The annual influenza season mobilizes an international response. The World Health Organization convenes teams of epidemiologists and other experts to monitor strains and develop vaccines for the yearly outbreak of the virus commonly known as the flu. During the 2019-2020 influenza season, the flu infected an estimated 38 million people in the United States; of those, 405,000 were hospitalized, and 22,000 died. The flu presents an annual challenge for policymakers to contain its spread and mitigate its most severe outcomes.
The seasonal flu is most harmful to younger children and older adults, especially those with chronic health conditions, though it poses a risk to all demographics. Accordingly, the Centers for Disease Control and Prevention recommends everyone 6 months and older receive a flu vaccine annually.
Private manufacturers produce and distribute the flu vaccine in the United States. The number of flu vaccine doses distributed has, on average, trended upward since 2009, with 174.5 million doses distributed during the 2019-2020 flu season—the most to date. Flu vaccination and prevention efforts took on greater urgency during the COVID-19 pandemic. Policymakers and health care providers adapted to new physical and social limitations to provide such essential public health services.
Most private and public insurers cover the cost of the flu vaccine. Medicare covers the cost of the vaccine for people over 65, and Medicaid covers the cost for enrolled adults and children. Uninsured or underinsured children can receive the vaccine through the Vaccines for Children Program, though it may be accompanied by an administrative fee. For adults without insurance, major pharmacies generally offer the vaccine for a small cost. Some states, including Pennsylvania and Washington, offer the vaccine to uninsured adults at little to no cost.
Although international and national efforts to address influenza are important components of the response, states have substantial authority in determining the scope and substance of flu vaccination efforts.
Key state strategies to slow the spread of influenza include increasing the immunization workforce, making sure those most at risk have access to the flu vaccine and supporting public information campaigns that communicate the importance of receiving the vaccine.
To increase access to the vaccine, states can expand the number of qualified health care workers who can administer it. States have increasingly turned to pharmacists and other non-physician providers to expand access to immunizations. Pharmacies offer a variety of unique qualities, such as expanded evening and weekend hours and locations near patients, and typically do not require an appointment. In 2017, a Johns Hopkins University study found that authorizing pharmacists to deliver influenza vaccines during a severe influenza pandemic could mitigate up to 23.7 million symptomatic influenza cases and save up to $2.8 billion.
Some populations, such as residents in long-term care facilities, adults 65 years and older, young children and those with chronic conditions, are at higher risk for complications related to the flu. States can increase access to flu vaccines to manage the spread of the disease and prevent severe complications in these vulnerable populations.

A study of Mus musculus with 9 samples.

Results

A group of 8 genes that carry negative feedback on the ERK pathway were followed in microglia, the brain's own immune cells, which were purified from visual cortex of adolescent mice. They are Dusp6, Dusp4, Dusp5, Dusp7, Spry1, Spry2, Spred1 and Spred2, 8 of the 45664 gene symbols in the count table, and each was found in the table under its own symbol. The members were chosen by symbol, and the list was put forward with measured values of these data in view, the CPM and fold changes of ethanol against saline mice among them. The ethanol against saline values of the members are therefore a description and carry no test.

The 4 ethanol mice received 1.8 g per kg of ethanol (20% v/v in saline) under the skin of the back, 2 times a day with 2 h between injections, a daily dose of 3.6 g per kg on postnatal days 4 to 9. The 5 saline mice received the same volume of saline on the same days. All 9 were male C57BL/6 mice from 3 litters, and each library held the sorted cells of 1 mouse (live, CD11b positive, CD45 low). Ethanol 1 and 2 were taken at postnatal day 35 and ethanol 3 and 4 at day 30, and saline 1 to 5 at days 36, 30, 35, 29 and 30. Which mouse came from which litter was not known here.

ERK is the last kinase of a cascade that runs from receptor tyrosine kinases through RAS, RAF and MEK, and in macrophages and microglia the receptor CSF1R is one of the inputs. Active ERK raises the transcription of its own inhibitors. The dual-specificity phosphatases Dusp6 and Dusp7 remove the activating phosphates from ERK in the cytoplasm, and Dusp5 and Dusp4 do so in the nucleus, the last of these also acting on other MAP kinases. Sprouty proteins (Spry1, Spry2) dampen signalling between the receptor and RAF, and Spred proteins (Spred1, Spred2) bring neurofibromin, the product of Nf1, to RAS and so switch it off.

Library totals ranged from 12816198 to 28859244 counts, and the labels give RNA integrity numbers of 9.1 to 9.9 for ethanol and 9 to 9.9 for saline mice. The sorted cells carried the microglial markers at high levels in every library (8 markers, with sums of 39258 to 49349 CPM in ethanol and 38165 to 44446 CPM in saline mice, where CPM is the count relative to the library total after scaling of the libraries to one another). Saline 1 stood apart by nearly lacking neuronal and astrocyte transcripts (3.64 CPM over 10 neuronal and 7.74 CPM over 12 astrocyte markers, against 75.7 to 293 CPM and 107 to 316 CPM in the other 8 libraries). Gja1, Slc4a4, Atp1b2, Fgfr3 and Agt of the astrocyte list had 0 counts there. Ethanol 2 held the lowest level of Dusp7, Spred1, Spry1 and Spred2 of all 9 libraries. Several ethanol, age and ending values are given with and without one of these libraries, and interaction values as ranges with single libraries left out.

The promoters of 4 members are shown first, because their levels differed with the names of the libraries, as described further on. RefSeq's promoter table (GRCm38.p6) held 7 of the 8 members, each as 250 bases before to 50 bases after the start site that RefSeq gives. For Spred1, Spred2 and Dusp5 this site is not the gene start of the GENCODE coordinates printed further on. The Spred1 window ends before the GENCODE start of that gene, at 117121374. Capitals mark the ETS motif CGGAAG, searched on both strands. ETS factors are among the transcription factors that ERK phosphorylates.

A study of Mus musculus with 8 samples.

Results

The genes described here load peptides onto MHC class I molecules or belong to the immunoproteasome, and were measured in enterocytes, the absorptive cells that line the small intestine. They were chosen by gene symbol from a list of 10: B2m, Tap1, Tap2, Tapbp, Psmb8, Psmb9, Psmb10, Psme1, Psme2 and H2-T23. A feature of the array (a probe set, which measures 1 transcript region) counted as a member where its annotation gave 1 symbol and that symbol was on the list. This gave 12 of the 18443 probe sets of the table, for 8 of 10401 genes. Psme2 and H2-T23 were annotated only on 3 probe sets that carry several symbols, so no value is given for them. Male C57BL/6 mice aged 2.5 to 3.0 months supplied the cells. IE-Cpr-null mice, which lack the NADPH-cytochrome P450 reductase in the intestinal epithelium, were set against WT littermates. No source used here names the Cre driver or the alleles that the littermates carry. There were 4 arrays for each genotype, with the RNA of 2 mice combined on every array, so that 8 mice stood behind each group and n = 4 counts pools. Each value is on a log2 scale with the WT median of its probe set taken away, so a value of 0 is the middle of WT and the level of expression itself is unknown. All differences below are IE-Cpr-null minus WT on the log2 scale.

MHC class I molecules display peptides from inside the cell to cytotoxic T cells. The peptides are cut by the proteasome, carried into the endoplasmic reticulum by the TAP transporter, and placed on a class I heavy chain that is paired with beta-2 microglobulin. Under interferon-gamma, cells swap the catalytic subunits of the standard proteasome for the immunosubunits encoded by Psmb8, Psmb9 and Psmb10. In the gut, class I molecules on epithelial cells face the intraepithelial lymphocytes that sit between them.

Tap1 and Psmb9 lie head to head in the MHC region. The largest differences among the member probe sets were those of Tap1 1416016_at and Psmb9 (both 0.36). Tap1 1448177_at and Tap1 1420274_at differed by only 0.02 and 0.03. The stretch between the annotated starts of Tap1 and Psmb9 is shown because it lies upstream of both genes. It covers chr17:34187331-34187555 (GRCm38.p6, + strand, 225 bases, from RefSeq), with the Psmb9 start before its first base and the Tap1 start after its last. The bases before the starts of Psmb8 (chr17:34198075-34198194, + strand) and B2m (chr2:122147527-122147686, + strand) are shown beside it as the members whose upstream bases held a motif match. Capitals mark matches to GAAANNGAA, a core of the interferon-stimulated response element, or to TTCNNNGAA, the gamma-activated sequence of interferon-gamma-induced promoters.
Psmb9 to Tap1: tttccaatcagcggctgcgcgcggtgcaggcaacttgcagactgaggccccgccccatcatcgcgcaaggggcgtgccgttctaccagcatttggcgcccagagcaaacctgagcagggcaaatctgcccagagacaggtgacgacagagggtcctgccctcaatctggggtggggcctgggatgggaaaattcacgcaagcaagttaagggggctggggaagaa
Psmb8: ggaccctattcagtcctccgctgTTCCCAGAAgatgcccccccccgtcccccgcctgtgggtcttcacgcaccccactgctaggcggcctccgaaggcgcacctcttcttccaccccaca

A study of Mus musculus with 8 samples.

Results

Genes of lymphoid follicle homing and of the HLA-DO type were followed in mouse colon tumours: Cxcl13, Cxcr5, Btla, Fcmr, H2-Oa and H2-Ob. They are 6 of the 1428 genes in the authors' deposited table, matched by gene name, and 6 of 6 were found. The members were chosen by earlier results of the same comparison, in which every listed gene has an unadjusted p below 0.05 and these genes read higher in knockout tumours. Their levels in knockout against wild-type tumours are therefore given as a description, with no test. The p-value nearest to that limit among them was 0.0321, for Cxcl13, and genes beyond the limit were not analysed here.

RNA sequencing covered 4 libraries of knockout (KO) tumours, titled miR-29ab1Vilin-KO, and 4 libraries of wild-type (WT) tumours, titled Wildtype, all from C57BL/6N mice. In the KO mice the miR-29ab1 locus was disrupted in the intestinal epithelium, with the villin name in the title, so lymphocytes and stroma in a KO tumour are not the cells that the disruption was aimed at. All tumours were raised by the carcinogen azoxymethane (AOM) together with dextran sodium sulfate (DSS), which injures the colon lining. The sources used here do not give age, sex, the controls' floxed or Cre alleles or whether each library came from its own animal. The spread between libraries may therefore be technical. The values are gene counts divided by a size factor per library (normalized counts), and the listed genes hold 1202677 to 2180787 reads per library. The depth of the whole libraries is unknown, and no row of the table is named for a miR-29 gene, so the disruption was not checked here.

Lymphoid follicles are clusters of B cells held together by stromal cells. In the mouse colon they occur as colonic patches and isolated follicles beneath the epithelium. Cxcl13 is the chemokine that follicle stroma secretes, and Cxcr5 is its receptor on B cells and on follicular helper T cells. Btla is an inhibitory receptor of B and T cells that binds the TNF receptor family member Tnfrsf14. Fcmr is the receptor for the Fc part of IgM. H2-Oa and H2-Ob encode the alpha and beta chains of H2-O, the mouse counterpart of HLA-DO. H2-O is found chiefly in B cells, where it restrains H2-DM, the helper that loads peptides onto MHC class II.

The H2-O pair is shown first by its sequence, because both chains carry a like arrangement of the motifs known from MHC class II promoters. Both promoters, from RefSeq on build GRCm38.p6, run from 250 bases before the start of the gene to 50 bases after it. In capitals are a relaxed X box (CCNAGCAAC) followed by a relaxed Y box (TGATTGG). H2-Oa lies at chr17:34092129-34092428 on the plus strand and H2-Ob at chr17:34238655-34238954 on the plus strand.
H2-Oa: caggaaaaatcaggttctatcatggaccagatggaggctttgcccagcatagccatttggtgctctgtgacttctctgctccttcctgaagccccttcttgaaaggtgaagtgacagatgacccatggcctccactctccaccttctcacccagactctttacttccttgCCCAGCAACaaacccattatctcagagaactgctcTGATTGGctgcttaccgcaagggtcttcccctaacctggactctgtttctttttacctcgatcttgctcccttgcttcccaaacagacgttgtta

States can also remind residents of the importance of receiving the flu vaccine through public information campaigns. Increasing knowledge about and visibility of the vaccine can help dispel misinformation and increase confidence in the flu vaccine.
Non-physician providers are important partners to consider in efforts to expand access to the flu vaccine. All states permit pharmacists to administer the flu vaccine, although the age groups they allow pharmacists to vaccinate vary. Some states have expanded the population of qualified vaccine administrators. For example, Indiana HB 1207 allows pharmacy technicians to administer the flu vaccine. New Hampshire HB 1639 and West Virginia SB 544 authorize qualified pharmacy interns to administer the vaccine. Ohio SB 178 allows podiatrists to administer the flu vaccine, and Virginia HB 2493 allows “persons who are otherwise authorized to administer controlled substances in hospitals” to administer it.
Policymakers can take steps to mitigate the spread of the flu in populations more at risk of developing complications. For example, Kentucky HR 278 emphasizes the risk adults aged 65 years and older face from influenza and underscores the importance of immunizations.
New Jersey AB 4476 seeks to further protect vulnerable populations in long-term care facilities by tracking the number of employees who have received the influenza vaccine and the medical exemption status of those who have not. Virginia HB 5041 requires certified long-term care facilities to provide or arrange for the administration of the flu vaccine for their residents. New Mexico HB 274 requires hospitals to offer the influenza vaccine to patients over 65 upon discharge.
States can act to keep citizens informed about the importance of vaccination and the availability the flu vaccine. New York J 2387 memorializes Immunization Awareness Month to increase public knowledge of the importance of receiving the seasonal flu vaccine, among others. South Dakota’s Department of Health utilizes CDC resources to support state efforts to inform residents about flu prevention and vaccination. The Michigan Department of Health and Human Services launched a statewide media campaign that emphasized the importance of getting vaccinated to avoid straining the state’s economy and health care system during the COVID-19 pandemic.